Free-Flight Training for Conservation. By Megan Myers
In issue 286 -
Yes, Parrots Can Help Healing with Foodstuff Self-Medication. Complete Psittacine by Eb Cravens
In issue 286 -
Saving the Golden-shouldered Parrot. By Andrew Stafford
In issue 286 -
Fidelity to birthplace. By David Waugh, Correspondent, Loro Parque Fundación

Spreads for web 4

By Jamie Gilardi, Executive Director, World Parrot Trust

Wild parrots get their beaks into all sorts of foods and their tastes change from day-to-day, and season-to-season. During my graduate work in the early 1990’s, I had the privilege of studying large parrot communities in southeastern Peru near the now-famous clay licks along the Manu and Tambopata Rivers. My work specifically focused on what sorts of foods the 17 parrot species we observed (from parrotlets to Macaws) consumed in both dry and wet seasons. Having published those findings with my former advisor, Catherine Toft (see www.psittascene.org) it seemed an opportune time to explore how wild diets can inform our approach to feeding captive parrots. To add depth to the discussion we’ve called upon EB Cravens as well who has graciously offered his thoughts on this topic from his decades of successful natural parrot care. Eb will feature in Part II of this article in the next (September) issue of Parrots magazine.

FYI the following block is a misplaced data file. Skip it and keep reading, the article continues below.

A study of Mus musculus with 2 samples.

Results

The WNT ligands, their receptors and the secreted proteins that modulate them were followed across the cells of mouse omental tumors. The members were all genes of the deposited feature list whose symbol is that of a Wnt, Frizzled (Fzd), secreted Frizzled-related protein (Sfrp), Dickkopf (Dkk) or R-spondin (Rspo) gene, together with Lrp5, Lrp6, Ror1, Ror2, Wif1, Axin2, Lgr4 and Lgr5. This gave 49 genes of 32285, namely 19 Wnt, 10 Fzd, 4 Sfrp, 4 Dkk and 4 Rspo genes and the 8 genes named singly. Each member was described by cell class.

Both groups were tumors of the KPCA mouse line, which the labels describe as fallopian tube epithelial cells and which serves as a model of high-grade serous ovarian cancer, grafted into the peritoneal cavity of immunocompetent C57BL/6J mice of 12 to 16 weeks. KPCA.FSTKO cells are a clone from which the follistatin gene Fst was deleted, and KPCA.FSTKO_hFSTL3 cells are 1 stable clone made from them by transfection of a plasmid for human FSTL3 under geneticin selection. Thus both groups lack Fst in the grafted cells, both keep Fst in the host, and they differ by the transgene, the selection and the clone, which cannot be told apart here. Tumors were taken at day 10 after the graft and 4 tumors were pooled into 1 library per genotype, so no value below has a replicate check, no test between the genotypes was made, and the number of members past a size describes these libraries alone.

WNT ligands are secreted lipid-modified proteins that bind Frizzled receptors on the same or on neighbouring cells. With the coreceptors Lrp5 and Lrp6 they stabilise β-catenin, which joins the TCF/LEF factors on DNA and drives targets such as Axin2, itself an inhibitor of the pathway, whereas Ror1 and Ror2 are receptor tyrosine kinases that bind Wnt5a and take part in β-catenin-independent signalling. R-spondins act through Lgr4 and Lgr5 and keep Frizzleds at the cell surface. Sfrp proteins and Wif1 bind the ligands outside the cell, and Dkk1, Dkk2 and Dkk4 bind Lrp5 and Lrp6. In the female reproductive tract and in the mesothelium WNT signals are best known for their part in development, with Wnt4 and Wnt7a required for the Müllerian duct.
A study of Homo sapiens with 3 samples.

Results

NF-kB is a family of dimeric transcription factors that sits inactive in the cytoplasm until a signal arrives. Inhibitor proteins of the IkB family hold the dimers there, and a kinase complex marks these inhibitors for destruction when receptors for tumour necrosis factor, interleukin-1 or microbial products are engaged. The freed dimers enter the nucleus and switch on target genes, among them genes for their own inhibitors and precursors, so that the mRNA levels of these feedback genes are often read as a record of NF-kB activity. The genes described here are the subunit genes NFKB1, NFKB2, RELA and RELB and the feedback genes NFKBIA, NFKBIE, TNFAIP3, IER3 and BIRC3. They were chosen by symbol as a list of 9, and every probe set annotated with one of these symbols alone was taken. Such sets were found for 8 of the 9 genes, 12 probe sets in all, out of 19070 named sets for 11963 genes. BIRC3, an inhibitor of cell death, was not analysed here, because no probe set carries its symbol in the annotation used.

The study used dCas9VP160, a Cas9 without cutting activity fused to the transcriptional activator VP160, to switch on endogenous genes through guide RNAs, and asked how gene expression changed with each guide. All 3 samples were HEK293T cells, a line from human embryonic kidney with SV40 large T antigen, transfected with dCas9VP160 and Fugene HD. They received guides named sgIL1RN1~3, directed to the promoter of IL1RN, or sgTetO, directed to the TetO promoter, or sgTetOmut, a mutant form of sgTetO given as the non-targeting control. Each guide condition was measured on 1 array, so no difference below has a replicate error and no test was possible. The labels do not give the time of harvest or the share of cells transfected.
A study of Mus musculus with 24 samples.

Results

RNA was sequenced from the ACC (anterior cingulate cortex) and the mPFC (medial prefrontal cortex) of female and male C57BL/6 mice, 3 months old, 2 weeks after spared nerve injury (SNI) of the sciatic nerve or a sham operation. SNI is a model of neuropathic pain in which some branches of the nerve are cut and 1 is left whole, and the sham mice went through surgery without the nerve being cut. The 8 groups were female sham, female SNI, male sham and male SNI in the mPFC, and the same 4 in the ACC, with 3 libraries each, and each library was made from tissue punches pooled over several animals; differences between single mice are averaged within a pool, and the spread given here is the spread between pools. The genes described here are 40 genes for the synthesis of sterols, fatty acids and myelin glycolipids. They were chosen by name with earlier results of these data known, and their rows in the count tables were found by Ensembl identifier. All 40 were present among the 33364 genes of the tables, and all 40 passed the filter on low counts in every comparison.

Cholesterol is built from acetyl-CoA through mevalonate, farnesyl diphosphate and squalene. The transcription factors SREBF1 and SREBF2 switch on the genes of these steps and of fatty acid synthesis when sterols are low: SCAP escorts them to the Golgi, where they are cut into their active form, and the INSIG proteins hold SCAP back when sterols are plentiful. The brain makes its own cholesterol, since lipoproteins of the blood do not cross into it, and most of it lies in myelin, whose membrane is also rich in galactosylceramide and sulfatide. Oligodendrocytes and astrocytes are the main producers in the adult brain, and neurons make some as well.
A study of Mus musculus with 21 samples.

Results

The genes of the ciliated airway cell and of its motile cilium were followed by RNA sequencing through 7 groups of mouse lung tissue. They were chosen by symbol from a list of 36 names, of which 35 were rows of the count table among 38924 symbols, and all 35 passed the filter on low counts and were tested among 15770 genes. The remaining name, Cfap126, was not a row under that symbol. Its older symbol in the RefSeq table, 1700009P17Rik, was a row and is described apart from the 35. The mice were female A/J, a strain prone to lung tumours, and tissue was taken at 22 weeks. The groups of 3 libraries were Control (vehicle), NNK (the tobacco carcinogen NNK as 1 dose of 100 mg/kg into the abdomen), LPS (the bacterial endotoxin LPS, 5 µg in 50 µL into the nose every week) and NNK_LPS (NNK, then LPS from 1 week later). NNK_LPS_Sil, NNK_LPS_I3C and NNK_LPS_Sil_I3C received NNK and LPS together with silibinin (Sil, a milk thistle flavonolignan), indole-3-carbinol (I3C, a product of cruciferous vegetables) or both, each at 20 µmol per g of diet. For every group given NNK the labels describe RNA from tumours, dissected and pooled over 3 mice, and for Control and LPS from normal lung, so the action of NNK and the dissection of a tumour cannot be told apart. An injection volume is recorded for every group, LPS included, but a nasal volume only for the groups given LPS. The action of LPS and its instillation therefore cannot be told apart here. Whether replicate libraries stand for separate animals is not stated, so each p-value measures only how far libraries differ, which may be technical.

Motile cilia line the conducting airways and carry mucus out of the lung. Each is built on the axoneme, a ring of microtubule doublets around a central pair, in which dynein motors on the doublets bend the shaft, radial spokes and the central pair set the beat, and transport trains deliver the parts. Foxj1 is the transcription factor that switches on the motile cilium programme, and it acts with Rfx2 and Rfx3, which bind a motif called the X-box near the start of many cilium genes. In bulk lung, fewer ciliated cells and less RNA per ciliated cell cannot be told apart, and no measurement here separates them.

What did we learn from hours in the canopy watching wild parrots eat and hours in the lab testing the nutritional components of those foods? First, let’s talk about specialists and genera lists. While there are really interesting parrots in the ‘specialist’ category – species like the Red-bellied, Lear’s and Hyacinth Macaws (Orthopsittaca manilata, Anodorhynchus leari and A. hyacinthinus), which eat just one or two types of foods, they are generally the exception. The vast majority of parrots studied to date are the latter. They eat a highly diverse diet including all plant parts like seeds, fruits, and nectar, but also flowers themselves, buds, bark, wood, and leaves. Many species venture beyond the plant kingdom, consuming insects and their larvae, and in some cases aquatic snails. There is even a New Zealand parakeet that has been observed pulling seabird chicks from their underground burrows and eating them live!